Since the Civil War, much of the concern over civil rights in the United States has focused on efforts to extend these rights fully to African Americans. Resistance to racial segregation and discrimination with strategies such as civil disobedience, nonviolent resistance, marches, protests, boycotts, "freedom rides," and rallies received national attention in the struggle to end racial inequality. There were also continuing efforts to legally challenge segregation through the courts. .
Following the "separate but equal" decision of Plessy V. Ferguson in 1896, many Americans decided to push for equality. In 1952 the Supreme Court was approached by four states, Kansas, South Carolina, Virginia, and Delaware, along with the District of Columbia, challenging the segregation in public schools. They wanted desegregation because they felt that the current segregation was unequal and that their freedoms were being violated.
Black fifth grader Linda Brown of Topeka, Kansas was not allowed to attend a white elementary school. The National Association for the Advancement of Colored People (NAACP) took up the case along with similar cases in the four other states. Brown V. Board of Education was argued in December of 1952 by black lawyer Thurgood Marshall, who was head of the NAACP. The case was argued for two years. On May seventeenth, 1954, a decision was reached. The Supreme Court decided that segregation was unlawful because it violated the Fourteenth Amendment's equal protection and due process. "This event was the turning point in the desegregation of public schools, and the beginning to equality among all races." (Hartin).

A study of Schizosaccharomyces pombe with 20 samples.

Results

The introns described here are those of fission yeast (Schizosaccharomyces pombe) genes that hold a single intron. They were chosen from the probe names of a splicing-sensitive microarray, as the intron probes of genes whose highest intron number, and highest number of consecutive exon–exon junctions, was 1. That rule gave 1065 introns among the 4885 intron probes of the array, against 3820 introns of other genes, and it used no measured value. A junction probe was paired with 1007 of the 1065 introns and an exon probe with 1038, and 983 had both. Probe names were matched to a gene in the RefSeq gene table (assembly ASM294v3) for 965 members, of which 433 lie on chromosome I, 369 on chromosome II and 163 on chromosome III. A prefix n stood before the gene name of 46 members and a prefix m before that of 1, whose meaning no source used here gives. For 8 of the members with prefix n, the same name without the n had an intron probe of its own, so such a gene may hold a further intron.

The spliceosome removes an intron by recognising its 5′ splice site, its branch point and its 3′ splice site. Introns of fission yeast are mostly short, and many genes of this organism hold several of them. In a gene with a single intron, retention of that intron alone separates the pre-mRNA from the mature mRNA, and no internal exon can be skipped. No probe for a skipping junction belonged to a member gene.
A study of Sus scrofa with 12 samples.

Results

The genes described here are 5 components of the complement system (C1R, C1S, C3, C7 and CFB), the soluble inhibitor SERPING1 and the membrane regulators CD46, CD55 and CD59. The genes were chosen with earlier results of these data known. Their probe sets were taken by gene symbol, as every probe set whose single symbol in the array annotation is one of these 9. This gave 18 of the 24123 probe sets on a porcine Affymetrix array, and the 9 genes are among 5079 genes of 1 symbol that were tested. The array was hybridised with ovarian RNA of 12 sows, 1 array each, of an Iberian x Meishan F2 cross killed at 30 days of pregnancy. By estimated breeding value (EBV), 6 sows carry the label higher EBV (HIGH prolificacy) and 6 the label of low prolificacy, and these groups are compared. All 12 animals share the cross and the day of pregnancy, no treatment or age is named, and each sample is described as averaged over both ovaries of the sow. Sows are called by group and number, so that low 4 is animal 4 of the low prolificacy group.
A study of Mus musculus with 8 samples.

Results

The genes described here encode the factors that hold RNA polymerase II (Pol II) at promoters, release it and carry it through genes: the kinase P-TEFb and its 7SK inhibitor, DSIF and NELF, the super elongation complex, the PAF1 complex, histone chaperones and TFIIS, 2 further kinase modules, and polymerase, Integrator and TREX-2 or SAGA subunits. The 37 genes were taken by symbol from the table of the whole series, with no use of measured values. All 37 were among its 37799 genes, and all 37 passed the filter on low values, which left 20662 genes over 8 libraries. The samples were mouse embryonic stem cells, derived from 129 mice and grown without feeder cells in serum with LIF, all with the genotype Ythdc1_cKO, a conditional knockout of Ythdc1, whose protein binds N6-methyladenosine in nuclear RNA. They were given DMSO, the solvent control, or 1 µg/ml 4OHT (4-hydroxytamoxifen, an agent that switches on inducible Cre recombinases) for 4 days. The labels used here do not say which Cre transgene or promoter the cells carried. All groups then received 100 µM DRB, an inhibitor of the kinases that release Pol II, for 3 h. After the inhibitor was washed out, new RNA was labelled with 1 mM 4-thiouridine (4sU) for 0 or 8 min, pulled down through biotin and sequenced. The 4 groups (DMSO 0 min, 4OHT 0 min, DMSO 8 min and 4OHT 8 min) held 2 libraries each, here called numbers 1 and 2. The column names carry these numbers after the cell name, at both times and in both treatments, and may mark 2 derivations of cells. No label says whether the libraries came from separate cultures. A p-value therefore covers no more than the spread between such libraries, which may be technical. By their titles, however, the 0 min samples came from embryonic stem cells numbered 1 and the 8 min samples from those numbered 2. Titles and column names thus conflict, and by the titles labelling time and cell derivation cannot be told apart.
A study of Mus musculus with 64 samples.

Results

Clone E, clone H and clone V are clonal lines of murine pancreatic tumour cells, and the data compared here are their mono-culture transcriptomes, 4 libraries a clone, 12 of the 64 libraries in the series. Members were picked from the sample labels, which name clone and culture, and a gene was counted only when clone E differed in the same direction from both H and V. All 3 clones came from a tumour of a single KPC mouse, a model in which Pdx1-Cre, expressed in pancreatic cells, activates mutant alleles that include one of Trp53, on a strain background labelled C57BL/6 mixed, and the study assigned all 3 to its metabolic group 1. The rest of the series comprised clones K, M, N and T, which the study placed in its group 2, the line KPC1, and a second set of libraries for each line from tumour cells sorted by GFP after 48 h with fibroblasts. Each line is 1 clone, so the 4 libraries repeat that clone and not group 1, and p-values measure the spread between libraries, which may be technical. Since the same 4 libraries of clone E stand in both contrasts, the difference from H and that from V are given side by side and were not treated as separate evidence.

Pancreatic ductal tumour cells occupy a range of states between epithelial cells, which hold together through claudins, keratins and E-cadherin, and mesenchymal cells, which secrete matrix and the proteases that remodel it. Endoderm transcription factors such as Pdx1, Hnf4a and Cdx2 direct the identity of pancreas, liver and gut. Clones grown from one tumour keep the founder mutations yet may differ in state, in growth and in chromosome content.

The Montgomery Bus Boycott was a campaign in 1955 and 1956 to get rid of racial segregation in Montgomery, Alabama. It was considered the first step of the Civil Rights Movement.
On December first, 1955, Rosa Parks refused to give up a bus seat in Montgomery. She was therefore arrested and found guilty of violating the city's segregation ordinances.